US president Joe Biden said on Friday his Russian counterpart Vladimir Putin “clearly committed” war crimes during the course of Moscow’s full-scale invasion of Ukraine since the conflict erupted in the former Soviet nation in February last year.
“He’s clearly committed war crimes,” the US president said on Friday referring to the Russian leader.
Speaking on the arrest warrant for Mr Putin issued by the International Criminal Court (ICC) on Friday, Mr Biden said: “Well, I think it’s justified. But the question is – it is not recognised internationally by us either. But I think it makes a very strong point.”
The US is not a member country of the global court.
The international court accused Mr Putin of war crimes by taking hundreds of Ukrainian children from the war-torn nation’s orphanages.
Russian president and his children’s rights commissioner Maria Alekseyevna Lvoya-Belova have carried out “unlawful deportation” of children “from occupied areas of Ukraine to the Russian Federation”.
The first such arrest warrant against the Russian leader allows the court’s 123 member states to detain Mr Putin over for trial if he sets foot on their territory, making several nation states a dangerous territory for the Kremlin’s president.
Moscow has squarely rejected the arrest warrant on Friday.
Kremlin spokesperson Dmitry Peskov said that Russia doesn’t recognise the ICC and regards its decisions “legally void”.
The international court’s move to issue an arrest warrant for Mr Putin over war crimes is “outrageous and unacceptable”.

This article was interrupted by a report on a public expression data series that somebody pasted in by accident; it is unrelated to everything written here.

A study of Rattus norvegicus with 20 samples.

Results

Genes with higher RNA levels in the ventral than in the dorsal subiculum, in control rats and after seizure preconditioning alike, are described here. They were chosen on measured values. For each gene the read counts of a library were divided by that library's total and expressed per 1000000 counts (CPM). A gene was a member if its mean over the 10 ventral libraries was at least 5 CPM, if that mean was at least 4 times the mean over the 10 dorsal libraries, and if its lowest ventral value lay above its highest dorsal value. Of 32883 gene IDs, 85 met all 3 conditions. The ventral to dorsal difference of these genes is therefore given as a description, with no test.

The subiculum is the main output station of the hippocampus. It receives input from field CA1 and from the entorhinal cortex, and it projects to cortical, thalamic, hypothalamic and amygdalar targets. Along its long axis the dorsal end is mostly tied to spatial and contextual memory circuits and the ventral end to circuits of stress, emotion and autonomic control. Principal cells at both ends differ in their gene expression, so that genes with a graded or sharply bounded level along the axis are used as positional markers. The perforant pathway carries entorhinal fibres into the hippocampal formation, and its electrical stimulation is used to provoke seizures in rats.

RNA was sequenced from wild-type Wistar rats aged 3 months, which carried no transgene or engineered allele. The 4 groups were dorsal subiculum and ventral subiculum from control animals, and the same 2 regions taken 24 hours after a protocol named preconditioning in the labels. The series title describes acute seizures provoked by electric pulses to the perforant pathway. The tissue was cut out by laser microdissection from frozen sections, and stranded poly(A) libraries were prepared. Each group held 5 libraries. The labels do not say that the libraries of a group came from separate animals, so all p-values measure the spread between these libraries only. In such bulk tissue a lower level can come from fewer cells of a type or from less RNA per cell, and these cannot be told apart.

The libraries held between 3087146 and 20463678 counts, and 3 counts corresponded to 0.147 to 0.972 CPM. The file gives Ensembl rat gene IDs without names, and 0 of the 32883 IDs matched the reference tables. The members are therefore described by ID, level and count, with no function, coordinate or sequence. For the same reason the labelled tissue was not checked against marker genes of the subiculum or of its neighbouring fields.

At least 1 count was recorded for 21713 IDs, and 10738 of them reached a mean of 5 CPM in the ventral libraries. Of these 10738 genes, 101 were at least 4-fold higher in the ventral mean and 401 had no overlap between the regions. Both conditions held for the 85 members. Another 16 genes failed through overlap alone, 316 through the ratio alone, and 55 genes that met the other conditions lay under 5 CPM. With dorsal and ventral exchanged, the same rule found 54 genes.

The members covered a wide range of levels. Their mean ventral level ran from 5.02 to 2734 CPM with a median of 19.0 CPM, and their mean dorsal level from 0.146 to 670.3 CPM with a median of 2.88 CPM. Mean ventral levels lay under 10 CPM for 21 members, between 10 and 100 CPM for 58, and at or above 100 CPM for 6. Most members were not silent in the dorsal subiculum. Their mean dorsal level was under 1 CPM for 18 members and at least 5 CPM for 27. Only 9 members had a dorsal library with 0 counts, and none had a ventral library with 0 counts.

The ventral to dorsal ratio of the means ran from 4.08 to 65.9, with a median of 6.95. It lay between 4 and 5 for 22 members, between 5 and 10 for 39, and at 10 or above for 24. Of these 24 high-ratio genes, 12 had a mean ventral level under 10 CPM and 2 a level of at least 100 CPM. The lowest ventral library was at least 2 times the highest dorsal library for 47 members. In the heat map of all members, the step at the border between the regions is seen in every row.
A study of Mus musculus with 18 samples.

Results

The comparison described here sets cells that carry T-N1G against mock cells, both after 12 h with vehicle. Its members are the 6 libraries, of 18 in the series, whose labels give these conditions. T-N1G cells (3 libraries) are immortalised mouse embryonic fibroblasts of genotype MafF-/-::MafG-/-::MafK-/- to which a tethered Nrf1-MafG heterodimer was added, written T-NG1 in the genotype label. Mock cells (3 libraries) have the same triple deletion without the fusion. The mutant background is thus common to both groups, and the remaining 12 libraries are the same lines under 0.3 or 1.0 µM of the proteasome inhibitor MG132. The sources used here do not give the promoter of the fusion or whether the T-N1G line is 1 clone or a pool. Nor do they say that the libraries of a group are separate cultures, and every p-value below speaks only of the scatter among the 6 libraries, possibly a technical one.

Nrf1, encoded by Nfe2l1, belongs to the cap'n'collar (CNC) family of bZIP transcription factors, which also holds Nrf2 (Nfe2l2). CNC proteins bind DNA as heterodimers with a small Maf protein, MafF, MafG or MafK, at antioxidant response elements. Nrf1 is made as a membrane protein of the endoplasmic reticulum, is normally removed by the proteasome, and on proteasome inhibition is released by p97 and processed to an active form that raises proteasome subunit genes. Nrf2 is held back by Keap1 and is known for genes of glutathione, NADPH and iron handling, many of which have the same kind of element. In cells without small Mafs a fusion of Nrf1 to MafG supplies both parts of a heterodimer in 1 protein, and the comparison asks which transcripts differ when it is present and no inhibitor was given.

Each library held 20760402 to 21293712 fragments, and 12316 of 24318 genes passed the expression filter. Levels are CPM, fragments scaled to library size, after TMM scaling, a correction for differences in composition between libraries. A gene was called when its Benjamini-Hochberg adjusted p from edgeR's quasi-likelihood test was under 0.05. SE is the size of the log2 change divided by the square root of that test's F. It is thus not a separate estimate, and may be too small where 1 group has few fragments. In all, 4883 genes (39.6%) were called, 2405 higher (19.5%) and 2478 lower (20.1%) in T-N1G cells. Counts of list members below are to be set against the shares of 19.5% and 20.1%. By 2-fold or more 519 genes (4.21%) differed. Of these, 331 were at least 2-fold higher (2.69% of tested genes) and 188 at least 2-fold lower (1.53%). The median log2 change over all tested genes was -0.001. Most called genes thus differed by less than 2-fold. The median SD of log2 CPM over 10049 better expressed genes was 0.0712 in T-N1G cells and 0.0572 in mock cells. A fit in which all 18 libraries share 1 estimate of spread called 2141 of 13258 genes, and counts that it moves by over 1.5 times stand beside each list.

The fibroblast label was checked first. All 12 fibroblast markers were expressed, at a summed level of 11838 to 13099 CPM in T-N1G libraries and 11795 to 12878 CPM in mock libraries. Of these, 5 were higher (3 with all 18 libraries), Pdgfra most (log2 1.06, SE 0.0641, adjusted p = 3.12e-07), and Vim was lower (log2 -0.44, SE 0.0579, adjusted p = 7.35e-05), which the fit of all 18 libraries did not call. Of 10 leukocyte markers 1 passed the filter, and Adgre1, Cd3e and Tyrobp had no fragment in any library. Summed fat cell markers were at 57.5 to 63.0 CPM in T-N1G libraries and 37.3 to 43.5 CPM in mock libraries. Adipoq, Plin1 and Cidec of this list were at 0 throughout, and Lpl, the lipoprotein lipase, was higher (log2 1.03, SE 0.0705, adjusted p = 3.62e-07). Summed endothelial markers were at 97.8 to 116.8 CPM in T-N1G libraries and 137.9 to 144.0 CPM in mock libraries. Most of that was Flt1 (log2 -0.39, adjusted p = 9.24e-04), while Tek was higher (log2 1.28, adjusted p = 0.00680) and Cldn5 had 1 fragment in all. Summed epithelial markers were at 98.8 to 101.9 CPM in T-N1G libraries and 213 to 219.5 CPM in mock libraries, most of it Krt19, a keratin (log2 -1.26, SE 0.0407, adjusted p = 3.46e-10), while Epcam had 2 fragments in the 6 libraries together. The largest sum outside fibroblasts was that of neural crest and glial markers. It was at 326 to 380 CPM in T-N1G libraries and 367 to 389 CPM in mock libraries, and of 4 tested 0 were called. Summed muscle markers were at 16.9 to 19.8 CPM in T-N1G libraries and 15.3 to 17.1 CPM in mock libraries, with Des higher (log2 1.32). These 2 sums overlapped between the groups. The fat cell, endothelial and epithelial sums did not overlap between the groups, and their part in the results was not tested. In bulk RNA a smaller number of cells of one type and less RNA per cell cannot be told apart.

Mr Peskov refused to comment when asked if the Russian president would avoid making trips to countries where he could be arrested on the ICC’s warrant.
In a separate conclusion, the US has accused Russian forces of committing war crimes in Ukraine and said it backs accountability for perpetrators of war crimes.
“There is no doubt that Russia is committing war crimes and atrocities (in) Ukraine, and we have been clear that those responsible must be held accountable,” a state department spokesperson said in an emailed statement.
“This was a decision the ICC prosecutor reached independently based on the facts before him.”
According to a US-backed report by Yale University, Russia has captured at least 6,000 Ukrainian children in at least 43 camps and other facilities as part of a “large-scale systematic network”.
Separately, Ukraine’s prosecutor general Andriy Kostin has said that his office has recorded more than 70,000 potential war crime cases so far in the last 13 months.